You don’t even have to ask which side of the ideological spectrum thinks this is a good idea. Paul Walsh’s Strib story says: “A four-day campaign to allow some students, faculty, staff and visitors to carry firearms at the University of Minnesota kicked off Monday with organizers hoping to attract attention to the issue. … Minnesota College Republicans, Collegians for a Constructive Tomorrow, Young Americans for Liberty and the Minnesota Republic newspaper are advocating allowing people 21 and over who are legally permitted to carry weapons to do so on campus.” How about trailering a howitzer?
Elsewhere in guns … . The Strib’s Nicole Norfleet writes: “An 84-year-old man, who a relative said has threatened to hurt family before, shot and killed his 36-year-old son on Monday at their Maplewood home. After a two-hour standoff with police, Pang Vang was taken around 2 p.m. from the residence in the 1800 block of County Road B East and transported to Regions Hospital in critical condition with self-inflicted stab wounds to the neck and chest. His son Chue Vang was declared dead at the scene, shot with a long gun … .”
Local Oscar nominee’s legal problems. The Strib’s Mark Brunswick reports Captain Phillips phenom Barkhad Abdi faces “a possible hearing this week with the U.S. Customs and Border Protection,” based on an August 2012 Iowa drug arrest and suspicion of credit card fraud in North Dakota and Minnesota. The story, which cites one anonymous source, doesn’t detail the outcome of those arrests, which don’t necessarily equal criminal convictions, though the Strib calls them “criminal offenses.” Abdi “could not be reached for comment” and regional immigration official didn’t return comment requests … by name, anyway.
Interesting piece from MPR’s Brett Neely on data-mining masked as a petition drive. “Sen. Al Franken’s campaign sends out a lot of emails this time of year, but a lot of them don’t ask for money. For now, it’s your data he wants. … You might sign the petition expecting lawmakers to read it, but that’s not likely the case. It’s meant instead to glean information to help fundraisers find you later — part of the latest way campaigns are learning more about potential supporters and donors.”
Meanwhile, others are more interested in “solar gardens.” Bob Shaw of the PiPress writes: “A large-scale solar field – maybe the first in the Twin Cities area – could be selling solar power to Washington County residents as soon as next summer. According to the developer, the 1-acre field would give people their first opportunity to buy solar power without buying solar panels. The solar garden of 4,000 panels would generate a maximum flow of 1 megawatt of electricity, enough to power 140 typical homes.”
Well, it was one of the few places they actually won a game … . Ben Goessling of ESPN reports: “ … the [NFL] is talking about going from three London games in 2014 to four in 2015. Could the Vikings make a return to the United Kingdom in 2015? We wouldn’t bet against it. By then, the Vikings will be in their second season at the University of Minnesota’s TCF Bank Stadium, and whatever adjustment period comes along with moving into a college stadium for two seasons will presumably be over.” Is the NFL squeezing the Brits for multi-million dollar hand-outs?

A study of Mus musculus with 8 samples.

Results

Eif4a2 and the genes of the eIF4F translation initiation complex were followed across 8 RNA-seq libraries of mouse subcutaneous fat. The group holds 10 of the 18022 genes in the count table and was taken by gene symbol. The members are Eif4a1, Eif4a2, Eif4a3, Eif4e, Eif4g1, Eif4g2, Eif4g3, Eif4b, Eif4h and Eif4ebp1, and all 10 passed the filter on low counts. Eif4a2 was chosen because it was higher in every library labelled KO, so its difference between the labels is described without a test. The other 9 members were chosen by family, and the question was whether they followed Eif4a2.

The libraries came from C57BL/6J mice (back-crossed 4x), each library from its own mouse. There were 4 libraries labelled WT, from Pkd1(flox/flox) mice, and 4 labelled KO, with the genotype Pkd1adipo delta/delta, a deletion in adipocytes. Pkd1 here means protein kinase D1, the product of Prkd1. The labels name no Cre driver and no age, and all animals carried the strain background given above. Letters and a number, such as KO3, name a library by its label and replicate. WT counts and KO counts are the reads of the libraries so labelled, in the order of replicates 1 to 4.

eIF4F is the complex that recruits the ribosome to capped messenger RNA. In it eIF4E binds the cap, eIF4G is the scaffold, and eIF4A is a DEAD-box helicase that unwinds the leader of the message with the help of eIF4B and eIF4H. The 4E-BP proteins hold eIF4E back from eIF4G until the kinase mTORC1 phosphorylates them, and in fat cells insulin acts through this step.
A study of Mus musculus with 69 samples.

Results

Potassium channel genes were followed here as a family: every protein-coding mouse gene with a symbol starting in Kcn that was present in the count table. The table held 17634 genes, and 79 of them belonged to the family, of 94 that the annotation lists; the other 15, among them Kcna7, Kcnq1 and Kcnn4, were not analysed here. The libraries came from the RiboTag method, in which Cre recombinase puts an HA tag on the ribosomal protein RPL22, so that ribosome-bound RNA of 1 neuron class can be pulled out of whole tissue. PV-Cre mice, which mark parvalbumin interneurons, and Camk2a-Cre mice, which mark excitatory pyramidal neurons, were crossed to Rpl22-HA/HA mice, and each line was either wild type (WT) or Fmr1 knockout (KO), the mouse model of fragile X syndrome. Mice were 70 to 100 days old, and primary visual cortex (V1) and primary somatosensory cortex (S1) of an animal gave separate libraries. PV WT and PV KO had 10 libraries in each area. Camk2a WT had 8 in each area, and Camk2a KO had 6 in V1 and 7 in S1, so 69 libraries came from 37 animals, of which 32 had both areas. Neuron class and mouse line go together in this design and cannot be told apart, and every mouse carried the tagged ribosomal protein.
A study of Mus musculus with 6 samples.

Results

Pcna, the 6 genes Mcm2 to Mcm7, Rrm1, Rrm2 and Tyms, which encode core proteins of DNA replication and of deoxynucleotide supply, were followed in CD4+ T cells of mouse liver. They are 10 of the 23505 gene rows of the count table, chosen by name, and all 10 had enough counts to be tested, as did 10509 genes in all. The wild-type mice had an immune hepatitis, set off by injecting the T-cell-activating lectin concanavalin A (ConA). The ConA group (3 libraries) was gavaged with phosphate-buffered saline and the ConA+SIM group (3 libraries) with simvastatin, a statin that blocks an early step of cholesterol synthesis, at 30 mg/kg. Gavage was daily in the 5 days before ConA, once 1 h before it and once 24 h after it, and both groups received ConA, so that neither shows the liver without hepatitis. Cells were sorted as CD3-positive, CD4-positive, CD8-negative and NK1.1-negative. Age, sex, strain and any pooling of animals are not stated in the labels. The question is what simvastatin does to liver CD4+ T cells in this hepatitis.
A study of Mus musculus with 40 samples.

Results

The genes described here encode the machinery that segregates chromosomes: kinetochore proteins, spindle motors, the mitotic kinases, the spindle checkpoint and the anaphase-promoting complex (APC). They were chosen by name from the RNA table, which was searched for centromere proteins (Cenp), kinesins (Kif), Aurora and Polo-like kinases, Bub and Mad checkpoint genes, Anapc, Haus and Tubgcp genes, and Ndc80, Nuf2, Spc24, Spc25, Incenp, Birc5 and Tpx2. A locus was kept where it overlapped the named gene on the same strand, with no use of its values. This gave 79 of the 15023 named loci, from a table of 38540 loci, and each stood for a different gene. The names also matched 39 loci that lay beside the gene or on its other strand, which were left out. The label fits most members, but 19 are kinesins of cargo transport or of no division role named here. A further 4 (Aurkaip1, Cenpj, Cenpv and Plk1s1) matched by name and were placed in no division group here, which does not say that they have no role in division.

Vaporizing “vaping.” The AP says: “A plan to classify electronic cigarettes in the same fashion as the conventional kind survived its toughest committee test Monday and now awaits a Senate floor vote. The bill cleared the Senate Commerce Committee after an attempt to weaken the proposed regulations failed on a 7-6 vote. It would add so-called vaping to state indoor air laws that bar tobacco use in public places and most businesses.”
So … he did NOT vote for tax cuts, you say? Tim Pugmire of MPR reports: “When the Minnesota Senate passed a major tax bill last Friday, a Republican candidate for governor was not in the chamber. Sen. Dave Thompson, R-Lakeville, did not cast a vote on the bill that provided $443 million in tax reductions through several federal conformity measures and the repeal of three business sales taxes. The Senate passed the bill 58-5. Thompson explained today he had a previous commitment Friday … .” Tell me it wasn’t an anti-tax rally.
Some news on this year’s Fringe festival … . The PiPress says: “Minnesota Fringe Festival announced its 2014 venue lineup Monday afternoon. Twenty venues in Uptown, Downtown and the West Bank will host 170 productions of theater, dance and more over the course of the 11-day festival. … Uptown: Bryant-Lake Bowl, HUGE Improv Theater, Intermedia Arts and Minneapolis Theatre Garage. Downtown: Illusion Theater, Music Box Theatre and New Century Theater. West Bank: Mixed Blood Theatre, Southern Theater, the Playwrights’ Center, Theatre in the Round Players and four stages at the University of Minnesota Rarig Center.”
How about a standardized competency test to weed out the nitwits? Eric Roper of the Strib says: “Minneapolis election officials are recommending that city rules be changed to speed vote counting, eliminate frivolous candidacies and give tabulators more privacy. A detailed report provided to the City Council’s elections committee, which meets Tuesday, also shows that 2013 city elections cost $1.7 million. That’s just over what city clerk Casey Carl originally requested, but much more than the $1.3 million the council approved.”
There’s some flex in the MNsure deadline. Says Jackie Crosby in the Strib: “Aiming to give Minnesotans every possible chance to buy health insurance before the March 31 deadline, MNsure officials on Monday said they will grant some flexibility to those making a good-faith effort to buy coverage when the clock strikes midnight that night. MNsure interim CEO Scott Leitz stressed the state insurance exchange isn’t softening the deadline. He compared the newly announced steps to allowing people to vote if they’re standing in line when the polls close.”